In the days after a mining disaster killed 29 coal miners in West Virginia and another accident killed at least 35 in China’s Shanxi province, experts are saying that existing technology could make coal mining significantly safer–if only it was used.
While it’s still too early to determine exactly what led to the disasters, improved monitoring of dangerous gases and coal dust could help reduce the risk of explosions like the one that occurred at the Upper Big Branch Mine in West Virginia. The sort of flooding that trapped miners in China could potentially be avoided with relatively simple approaches, such as drilling ahead to probe for water. Rescue efforts could be aided by improved mine assessment tools (including computer models) that can help rescuers pinpoint the location of collapsed mine areas and other problem areas.
“I strongly believe that the technology is available, and in many cases in use, for preventing mine disasters and individual fatalities,” says John Grubb, a professor of mining and earth systems engineering at the Colorado School of Mines who has 40 years’ experience in the coal-mining industry.
One way new technology is not likely to help, at least in the near future, is by replacing coal miners entirely with automated machines, although in some mines it may be possible to operate machinery remotely. Some of the latest mining machinery allows operators to program them to do repetitive tasks, such as cycling back and forth across the face of a predictable mine seam. But in complex mines, it’s still essential to have a human operator present to quickly react to changing situations, says Jerry Tien, a professor of mining engineering at Missouri University of Science and Technology.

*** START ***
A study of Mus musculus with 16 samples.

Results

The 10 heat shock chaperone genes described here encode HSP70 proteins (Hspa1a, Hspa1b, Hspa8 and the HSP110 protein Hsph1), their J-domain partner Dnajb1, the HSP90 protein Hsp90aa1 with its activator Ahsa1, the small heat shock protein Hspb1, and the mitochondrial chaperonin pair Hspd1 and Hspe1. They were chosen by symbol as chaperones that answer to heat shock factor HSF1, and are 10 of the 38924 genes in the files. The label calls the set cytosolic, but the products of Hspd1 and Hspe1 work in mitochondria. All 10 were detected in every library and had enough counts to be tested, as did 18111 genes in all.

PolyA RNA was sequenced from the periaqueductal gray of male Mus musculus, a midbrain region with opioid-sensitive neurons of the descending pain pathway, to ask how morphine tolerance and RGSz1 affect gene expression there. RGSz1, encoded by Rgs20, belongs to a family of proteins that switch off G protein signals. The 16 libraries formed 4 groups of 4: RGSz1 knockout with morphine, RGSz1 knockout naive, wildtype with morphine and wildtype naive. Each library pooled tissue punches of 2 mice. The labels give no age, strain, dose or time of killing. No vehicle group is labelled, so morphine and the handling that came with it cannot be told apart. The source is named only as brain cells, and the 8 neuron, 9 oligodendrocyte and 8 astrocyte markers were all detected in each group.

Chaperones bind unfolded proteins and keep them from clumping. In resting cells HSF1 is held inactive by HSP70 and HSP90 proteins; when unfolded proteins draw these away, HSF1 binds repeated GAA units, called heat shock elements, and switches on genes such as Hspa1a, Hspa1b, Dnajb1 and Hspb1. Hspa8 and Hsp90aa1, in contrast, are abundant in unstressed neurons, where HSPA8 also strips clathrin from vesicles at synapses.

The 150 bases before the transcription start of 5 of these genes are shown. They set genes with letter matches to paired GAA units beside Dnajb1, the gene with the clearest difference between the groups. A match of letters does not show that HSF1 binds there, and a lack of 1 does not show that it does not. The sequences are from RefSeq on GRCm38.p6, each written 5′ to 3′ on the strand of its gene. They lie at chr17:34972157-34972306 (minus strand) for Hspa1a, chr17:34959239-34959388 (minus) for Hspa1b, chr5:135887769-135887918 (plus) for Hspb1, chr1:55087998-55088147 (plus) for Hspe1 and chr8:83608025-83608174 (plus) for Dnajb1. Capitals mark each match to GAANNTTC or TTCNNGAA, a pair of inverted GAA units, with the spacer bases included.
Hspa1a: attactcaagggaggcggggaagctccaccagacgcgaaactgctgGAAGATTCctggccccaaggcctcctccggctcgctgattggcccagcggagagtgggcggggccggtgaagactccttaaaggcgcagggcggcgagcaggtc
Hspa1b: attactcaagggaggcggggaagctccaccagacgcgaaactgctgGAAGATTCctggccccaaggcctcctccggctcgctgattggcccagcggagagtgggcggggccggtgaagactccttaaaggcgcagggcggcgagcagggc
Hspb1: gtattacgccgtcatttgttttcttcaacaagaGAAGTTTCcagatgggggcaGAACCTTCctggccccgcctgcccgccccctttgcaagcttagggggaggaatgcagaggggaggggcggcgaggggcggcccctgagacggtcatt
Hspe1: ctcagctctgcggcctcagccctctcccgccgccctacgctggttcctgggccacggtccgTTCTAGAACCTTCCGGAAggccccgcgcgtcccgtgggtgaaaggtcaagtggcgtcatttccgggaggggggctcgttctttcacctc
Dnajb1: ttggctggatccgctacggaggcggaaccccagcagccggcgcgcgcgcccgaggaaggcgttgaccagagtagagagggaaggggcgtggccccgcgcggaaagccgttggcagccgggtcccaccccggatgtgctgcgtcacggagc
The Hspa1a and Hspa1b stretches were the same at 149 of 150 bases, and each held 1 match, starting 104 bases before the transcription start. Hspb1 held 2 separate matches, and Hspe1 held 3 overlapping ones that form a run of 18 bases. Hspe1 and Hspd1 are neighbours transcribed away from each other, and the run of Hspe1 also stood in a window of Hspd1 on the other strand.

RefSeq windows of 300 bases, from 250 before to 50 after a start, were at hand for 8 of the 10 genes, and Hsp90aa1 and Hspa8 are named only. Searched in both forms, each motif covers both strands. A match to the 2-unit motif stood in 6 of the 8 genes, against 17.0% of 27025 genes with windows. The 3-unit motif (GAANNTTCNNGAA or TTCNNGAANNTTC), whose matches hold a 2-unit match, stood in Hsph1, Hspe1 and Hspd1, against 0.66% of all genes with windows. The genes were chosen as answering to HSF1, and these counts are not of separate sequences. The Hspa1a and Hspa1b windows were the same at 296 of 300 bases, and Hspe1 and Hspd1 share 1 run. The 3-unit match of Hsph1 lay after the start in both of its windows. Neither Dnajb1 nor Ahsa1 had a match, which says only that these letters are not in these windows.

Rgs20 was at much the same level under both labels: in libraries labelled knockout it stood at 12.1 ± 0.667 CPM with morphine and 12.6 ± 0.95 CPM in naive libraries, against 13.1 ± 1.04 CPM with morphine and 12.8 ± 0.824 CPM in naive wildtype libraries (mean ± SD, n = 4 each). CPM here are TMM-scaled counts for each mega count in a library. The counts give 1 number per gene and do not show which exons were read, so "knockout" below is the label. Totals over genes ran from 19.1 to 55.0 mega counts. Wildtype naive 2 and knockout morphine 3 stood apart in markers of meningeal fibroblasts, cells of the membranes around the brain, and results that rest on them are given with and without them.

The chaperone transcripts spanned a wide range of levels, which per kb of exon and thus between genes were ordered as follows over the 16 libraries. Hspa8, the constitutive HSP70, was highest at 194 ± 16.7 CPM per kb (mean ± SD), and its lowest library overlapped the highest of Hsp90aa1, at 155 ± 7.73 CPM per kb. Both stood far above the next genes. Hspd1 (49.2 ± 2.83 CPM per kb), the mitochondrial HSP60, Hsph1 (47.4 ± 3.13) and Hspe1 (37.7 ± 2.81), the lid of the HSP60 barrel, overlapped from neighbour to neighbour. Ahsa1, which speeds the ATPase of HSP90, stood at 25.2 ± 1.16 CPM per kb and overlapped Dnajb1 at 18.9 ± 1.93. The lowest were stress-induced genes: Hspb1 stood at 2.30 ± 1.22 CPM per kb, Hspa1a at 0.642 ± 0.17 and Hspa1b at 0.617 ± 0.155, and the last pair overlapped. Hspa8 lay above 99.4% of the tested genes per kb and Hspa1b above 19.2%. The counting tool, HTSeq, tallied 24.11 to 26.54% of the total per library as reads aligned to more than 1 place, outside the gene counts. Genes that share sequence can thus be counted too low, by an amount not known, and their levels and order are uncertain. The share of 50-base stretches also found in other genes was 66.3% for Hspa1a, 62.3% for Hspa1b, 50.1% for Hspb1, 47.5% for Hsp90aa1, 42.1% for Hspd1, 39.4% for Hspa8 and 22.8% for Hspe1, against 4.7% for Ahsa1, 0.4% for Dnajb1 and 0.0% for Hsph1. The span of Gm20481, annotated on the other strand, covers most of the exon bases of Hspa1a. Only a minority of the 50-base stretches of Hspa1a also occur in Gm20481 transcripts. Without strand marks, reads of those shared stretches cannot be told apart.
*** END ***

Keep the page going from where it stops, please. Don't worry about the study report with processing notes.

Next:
However, sensors that can continuously monitor the levels of dangerous gases, such as methane and carbon monoxide, as well as the pressure and flow rates in ventilation systems, already exist and are used in some mines. But in most coal mines in the United States, monitoring is done only a few times a day using handheld detectors, and not continuously via a network of sensors throughout an entire mine. According to the Mine Safety and Health Administration, the Upper Big Branch Mine used handheld detectors rather than a network of continuous methane sensors.